Blue rubber bleb naevus syndrome

Blue rubber bleb naevus syndrome is the name given to a condition characterised by blue marks on the skin and internal organs caused by abnormal veins. This information sheet from Great Ormond Street Hospital (GOSH) provides information about the causes, symptoms and treatment of blue rubber bleb naevus syndrome and where to get help.

The marks on the skin do not usually cause serious problems, but the ones affecting the internal organs can bleed, leading to anaemia and sometimes to impairment of clotting, and other symptoms depending on the location of the bleed.

What causes blue rubber bleb naevus syndrome?

Blue rubber bleb naevus syndrome is very rare, usually arising sporadically (by chance) with no other family members affected. In most cases, it arises as a result of mutation (change) in the TEK gene. 

What are the signs and symptoms of blue rubber bleb naevus syndrome?

The blue marks on the skin, which may be present from birth, are the most obvious feature of blue rubber bleb naevus syndrome. The marks are very variable, both in terms of size and shape. They may occur anywhere externally or internally and may continue to appear throughout life. 

Bleeding from venous malformations, most commonly in the digestive tract can cause anaemia. Anaemia is a condition where the number of red blood cells or the amount of haemoglobin in red blood cells is less than normal. Haemoglobin is the substance that makes blood red and its main purpose is to carry oxygen around the body. 

The symptoms of anaemia include tiredness, weakness and lack of energy. Bleeding from venous malformations at other sites may be evident as pain, swelling and disturbance of function, depending on the site of the bleed.

How is blue rubber bleb naevus syndrome diagnosed?

The blue marks on the skin are usually visible immediately after birth. However, as blue rubber bleb naevus syndrome is such a rare condition, there may be some delay in diagnosis. As a rule, a group of specialists work together (multidisciplinary team) to ensure that care and treatment is coordinated.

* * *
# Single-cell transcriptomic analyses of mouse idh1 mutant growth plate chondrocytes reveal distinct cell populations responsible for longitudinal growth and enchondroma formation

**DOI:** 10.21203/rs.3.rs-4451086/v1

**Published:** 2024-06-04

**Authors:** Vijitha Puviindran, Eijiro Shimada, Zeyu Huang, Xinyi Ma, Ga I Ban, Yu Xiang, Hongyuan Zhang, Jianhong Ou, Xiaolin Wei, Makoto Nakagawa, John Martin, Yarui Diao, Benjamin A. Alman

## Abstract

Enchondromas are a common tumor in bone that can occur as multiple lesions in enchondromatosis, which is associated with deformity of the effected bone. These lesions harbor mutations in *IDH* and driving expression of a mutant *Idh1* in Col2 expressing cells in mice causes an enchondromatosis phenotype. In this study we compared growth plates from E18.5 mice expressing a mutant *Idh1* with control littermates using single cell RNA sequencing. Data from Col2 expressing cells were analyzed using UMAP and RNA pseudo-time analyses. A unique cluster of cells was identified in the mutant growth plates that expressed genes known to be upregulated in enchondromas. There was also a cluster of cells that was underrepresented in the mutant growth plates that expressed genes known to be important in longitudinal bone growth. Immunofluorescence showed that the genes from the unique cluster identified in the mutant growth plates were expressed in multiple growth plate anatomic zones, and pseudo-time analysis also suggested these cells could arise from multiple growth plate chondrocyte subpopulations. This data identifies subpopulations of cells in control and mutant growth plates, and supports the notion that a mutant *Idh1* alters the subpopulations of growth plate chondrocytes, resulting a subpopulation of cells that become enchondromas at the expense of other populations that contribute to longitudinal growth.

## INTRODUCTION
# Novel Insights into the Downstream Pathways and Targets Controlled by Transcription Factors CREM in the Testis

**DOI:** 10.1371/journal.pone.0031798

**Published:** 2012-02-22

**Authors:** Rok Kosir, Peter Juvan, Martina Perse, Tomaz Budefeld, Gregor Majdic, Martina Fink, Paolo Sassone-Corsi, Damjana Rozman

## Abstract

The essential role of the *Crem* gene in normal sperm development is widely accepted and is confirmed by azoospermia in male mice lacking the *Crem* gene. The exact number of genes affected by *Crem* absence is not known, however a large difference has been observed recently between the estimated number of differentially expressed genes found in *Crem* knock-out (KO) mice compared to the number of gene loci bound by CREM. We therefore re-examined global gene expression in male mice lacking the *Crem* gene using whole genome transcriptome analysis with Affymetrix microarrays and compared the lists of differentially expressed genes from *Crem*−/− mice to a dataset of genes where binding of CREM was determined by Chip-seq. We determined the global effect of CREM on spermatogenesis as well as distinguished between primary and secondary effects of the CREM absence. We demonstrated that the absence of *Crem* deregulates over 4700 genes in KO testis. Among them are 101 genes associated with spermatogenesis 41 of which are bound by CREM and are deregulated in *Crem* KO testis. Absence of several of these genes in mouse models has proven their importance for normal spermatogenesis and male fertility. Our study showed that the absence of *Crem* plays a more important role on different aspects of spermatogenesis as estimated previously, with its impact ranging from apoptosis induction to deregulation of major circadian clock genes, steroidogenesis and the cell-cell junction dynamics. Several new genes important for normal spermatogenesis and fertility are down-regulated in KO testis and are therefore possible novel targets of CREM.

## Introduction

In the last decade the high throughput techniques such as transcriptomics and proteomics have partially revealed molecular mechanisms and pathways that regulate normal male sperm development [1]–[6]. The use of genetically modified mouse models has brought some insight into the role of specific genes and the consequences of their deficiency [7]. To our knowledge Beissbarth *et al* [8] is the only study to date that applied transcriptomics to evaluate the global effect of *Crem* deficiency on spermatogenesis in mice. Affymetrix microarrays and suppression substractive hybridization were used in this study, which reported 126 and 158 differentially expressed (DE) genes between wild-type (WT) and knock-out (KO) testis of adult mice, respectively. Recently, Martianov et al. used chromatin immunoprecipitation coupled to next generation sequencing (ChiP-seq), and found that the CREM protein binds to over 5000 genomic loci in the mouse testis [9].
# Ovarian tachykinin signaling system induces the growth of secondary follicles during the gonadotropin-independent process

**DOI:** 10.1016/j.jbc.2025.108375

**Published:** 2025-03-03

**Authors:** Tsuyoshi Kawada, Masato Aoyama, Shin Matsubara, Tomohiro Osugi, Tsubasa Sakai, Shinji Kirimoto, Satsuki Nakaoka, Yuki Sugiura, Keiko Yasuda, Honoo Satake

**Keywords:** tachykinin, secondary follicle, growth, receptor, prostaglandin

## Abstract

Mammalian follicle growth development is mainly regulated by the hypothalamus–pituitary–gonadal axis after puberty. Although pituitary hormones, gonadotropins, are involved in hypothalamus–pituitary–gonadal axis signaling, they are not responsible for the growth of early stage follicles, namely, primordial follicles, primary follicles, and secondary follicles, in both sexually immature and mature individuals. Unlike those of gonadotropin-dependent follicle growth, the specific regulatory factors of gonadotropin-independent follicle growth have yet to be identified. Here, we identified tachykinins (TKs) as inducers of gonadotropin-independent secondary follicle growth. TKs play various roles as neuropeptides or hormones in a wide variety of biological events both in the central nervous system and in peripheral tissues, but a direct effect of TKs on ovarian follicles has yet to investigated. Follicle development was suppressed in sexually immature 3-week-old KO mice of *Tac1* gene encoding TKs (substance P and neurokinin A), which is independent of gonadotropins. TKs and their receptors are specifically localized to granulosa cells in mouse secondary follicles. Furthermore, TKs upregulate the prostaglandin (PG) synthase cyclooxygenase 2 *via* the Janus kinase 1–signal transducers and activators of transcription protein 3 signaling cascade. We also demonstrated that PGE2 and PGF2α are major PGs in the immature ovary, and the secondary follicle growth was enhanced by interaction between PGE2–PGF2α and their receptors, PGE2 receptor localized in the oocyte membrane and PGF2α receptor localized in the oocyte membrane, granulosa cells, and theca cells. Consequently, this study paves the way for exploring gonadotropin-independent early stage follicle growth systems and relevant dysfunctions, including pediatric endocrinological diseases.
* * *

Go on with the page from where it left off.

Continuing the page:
In addition to a physical examination, MRI and endoscopy may be required to locate venous malformations in organs in other than the skin. An endoscope (a thin, flexible tube with a bright light at the end) is passed through the child’s mouth and down into their stomach. The doctor can then look down the tube and have a clear view of the lining of the foodpipe, stomach and duodenum and can see whether there are any problems.

Blood tests will be required to look at the levels of haemoglobin and clotting factors in the blood. Biopsies from affected tissue, usually skin biopsies, are needed to look for the genetic mutations causing the condition.

How is blue rubber bleb naevus syndrome treated?

No treatment may be required for the blue marks on the skin unless they are causing problems due to their appearance or location. Treatment of venous malformations at other sites, including the intestine, will depend on the location, the problems arising and the severity of anaemia and clotting disturbance.

Treatment with a medication called sirolimus may be required in severe cases. If bleeding from the blue marks in the digestive system is causing anaemia, regular blood transfusions may be needed to maintain haemoglobin levels. Some blue marks in the digestive system can be treated using endoscopic laser treatment or bowel resection.

Compiled by: 
The Birthmark Unit in collaboration with the Child and Family Information Group
Last review date: 
November 2017
Ref: 
2017F1348

Disclaimer

Please note this is a generic GOSH information sheet so should not be used for the diagnosis or treatment of any medical condition. If you have specific questions about how this relates to your child, please ask your doctor.